With the rain and storms we have had this winter, I have been in the mood for soup!
The word chowder derives from the French word chaudiere, a type of cauldron, but regional chowders have become an American culinary tradition.
The term is also used to describe any thick, rich soup containing chunks of food.
Here’s my recipe for clam chowder:
3 russet potatoes par cooked and med diced. (to par-cook ,cover with water in pan and bring to a boil & remove from heat)
1 pkg of good bacon (optional)
½ yellow onion, small dice
1 cup celery, small dice (use leaves if you have them, they have lots of flavor)
2-4 cloves garlic, minced
½ teaspoon dried thyme
3 tablespoons flour (optional)
4 small cans or ½ large can clams (use fresh if you have access to them, KTA sometimes has them)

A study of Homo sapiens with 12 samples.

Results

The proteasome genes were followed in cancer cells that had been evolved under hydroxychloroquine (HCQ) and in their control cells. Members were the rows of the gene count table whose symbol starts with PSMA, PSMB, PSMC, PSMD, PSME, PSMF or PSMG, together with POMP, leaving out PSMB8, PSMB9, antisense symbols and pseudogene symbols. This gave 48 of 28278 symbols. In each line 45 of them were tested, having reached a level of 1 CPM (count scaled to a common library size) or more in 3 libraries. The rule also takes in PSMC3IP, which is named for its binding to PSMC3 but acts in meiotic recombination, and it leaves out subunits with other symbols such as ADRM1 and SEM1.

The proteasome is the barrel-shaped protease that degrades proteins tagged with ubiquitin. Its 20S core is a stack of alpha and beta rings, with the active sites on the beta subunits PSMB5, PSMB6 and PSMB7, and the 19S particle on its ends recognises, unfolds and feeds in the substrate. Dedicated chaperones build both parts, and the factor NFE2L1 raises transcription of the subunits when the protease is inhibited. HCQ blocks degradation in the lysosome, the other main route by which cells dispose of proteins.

¼ cup dry white wine
1 quart heavy cream
½ cup fresh parsley, chopped
Salt & pepper
1. Dice and cook bacon until crispy. Save ½ the fat.
2. Saute onions, celery in bacon fat for 5 min. (use good high heat oil if not using fat)
3. Add garlic and thyme and cook 2 more minutes
4. Sprinkle flour over everything and cook 2 minutes
5. Add clams with their juice, white wine, potatoes, and cream
6. Cook 20 to 30 minutes over low heat. Stir often so it does not stick to bottom of pan.
7. Add parsley, salt and pepper
If you don’t like clams, make this recipe into potato chowder by omitting the clams and switching the dried thyme for dried or fresh dill.
Sally June Tayler went to Le Cordon Bleu College of Culinary Arts in Portland, Oregon before moving to the Big Island in 1999 to do an internship at Kalani. She received her nutritional consultant certificate from Global College of Natural Medicine. She has also cooked for Lindblad Expeditions adventure cruises and Island Naturals.